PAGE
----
All aboard for silent film revival


Colinsburgh Community Cinema hopes to rekindle interest in the silent era by screening the classic action-comedy film to a new live score, written and played by pianist Dave Watt.

The non-profit cinema group has received a £900 culture grant from Fife Council to cover the additional costs of featuring a live musician, which doubled the cost to licence the screening of the film, as well as granting funding for the group to show another three films in 2012.

The cinema decided to show the classic film following popular screenings of ‘The General’ and Charlie Chaplin’s film ‘The Gold Rush’ in Newburgh, which were also accompanied live by Dave Watt.

Mr Watt, a member of the Diminished Fifth Jazz Band, said: “I hadn’t really appreciated the genius that went into making these films until I started playing for them.”

Mr Watt took a note of the scenes beforehand but improvised to a large extent while making the music.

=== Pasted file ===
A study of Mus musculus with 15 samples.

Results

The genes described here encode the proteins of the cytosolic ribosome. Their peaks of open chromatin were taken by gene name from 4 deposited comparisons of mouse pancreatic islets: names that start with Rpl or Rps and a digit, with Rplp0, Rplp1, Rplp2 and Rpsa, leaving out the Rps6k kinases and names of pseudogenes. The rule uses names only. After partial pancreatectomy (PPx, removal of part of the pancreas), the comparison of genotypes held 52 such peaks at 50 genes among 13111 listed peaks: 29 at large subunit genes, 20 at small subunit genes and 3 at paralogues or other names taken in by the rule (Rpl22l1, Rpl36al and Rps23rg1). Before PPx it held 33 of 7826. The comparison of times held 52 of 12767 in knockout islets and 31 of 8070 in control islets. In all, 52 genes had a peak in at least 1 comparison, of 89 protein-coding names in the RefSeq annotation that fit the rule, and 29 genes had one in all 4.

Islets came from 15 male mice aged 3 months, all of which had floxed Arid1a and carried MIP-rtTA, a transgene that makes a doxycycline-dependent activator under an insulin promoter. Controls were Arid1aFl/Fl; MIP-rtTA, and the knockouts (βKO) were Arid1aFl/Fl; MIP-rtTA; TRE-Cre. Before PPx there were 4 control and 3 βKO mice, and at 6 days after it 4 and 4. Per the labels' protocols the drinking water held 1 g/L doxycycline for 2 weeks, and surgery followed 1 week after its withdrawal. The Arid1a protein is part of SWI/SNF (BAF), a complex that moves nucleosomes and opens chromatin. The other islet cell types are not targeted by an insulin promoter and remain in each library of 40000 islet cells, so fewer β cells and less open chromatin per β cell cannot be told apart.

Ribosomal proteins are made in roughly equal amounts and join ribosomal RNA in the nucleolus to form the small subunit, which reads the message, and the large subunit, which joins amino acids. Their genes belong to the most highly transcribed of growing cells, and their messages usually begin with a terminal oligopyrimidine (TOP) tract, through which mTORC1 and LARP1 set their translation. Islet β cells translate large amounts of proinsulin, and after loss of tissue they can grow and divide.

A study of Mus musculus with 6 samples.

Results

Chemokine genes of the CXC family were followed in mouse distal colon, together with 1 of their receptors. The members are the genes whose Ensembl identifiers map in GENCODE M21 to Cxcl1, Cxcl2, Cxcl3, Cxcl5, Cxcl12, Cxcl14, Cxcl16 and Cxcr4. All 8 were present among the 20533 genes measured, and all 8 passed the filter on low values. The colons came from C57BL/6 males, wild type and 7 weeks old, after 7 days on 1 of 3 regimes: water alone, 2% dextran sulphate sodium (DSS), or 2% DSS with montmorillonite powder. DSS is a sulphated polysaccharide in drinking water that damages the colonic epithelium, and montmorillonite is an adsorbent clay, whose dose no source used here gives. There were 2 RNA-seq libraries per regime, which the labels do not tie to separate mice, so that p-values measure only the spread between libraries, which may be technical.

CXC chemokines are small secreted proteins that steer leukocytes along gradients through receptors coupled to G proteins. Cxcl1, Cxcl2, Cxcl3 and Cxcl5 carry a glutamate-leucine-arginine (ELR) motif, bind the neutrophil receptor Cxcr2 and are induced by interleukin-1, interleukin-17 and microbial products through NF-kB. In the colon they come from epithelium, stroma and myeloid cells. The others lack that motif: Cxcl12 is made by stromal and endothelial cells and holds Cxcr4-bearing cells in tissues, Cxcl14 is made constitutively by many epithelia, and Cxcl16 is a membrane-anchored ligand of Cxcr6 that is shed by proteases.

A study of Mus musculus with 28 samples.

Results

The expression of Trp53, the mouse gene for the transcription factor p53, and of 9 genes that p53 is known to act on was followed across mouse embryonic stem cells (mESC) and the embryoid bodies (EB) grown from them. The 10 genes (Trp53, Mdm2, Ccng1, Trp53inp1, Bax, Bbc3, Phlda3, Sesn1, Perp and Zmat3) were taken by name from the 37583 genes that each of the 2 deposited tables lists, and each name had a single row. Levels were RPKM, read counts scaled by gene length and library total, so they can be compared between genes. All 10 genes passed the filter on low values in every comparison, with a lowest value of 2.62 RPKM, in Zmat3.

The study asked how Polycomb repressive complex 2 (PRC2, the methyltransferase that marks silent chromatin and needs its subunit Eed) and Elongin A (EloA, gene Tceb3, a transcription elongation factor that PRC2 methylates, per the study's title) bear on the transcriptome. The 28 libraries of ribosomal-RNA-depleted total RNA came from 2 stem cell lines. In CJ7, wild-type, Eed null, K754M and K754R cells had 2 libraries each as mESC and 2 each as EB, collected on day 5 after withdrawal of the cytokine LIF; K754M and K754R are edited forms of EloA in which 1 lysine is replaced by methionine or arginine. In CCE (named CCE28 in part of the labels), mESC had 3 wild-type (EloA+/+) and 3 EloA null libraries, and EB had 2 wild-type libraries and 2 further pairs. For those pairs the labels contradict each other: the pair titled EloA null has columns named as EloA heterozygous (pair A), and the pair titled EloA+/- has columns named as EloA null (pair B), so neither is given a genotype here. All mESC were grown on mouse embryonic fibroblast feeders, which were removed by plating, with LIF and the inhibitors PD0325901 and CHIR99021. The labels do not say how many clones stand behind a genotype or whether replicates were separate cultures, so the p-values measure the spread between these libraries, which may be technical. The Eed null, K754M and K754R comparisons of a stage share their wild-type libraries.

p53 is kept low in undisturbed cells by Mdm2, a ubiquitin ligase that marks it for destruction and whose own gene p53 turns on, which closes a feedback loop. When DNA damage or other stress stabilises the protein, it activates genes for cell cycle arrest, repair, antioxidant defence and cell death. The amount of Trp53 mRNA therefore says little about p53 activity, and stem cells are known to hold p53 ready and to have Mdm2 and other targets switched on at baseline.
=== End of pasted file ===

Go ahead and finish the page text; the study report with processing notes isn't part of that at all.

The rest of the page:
He played to the film, rather than working out every detail of the score in advance, and added: “It was a very intense experience but a very enjoyable one.”

Mr Watt said Friday’s audience would be coming to watch the film rather than listen to him, so he hoped the music would feel like a part of the movie and contribute to the entertainment.

President of Colinsburgh Community Cinema Peter Marshall said: “I think the new live score to accompany this classic silent film will add a big, extra dimension of enjoyment for the audience.”

The film, first screened in 1926, was directed by and starred Buster Keaton. Set in America at the start of the Civil War, it follows the exploits of Southern engineer Johnny Gray, played by Keaton, who has two loves in his life – a locomotive called ‘The General’ and a demanding sweetheart called Annabelle Lee.

When Johnny attempts to sign up for the Confederate Army, he finds himself rejected - first by the army, which says he has more value as an engineer than a soldier, and secondly by Annabelle, who accuses him of being a coward for failing to fight.

But when his beloved locomotive is hijacked by Union soldiers, with Annabelle trapped on board, Johnny has a chance to prove how brave he really is.

•‘The General’ is on at Colinsburgh Town Hall on Friday, December 23 at 7.30pm.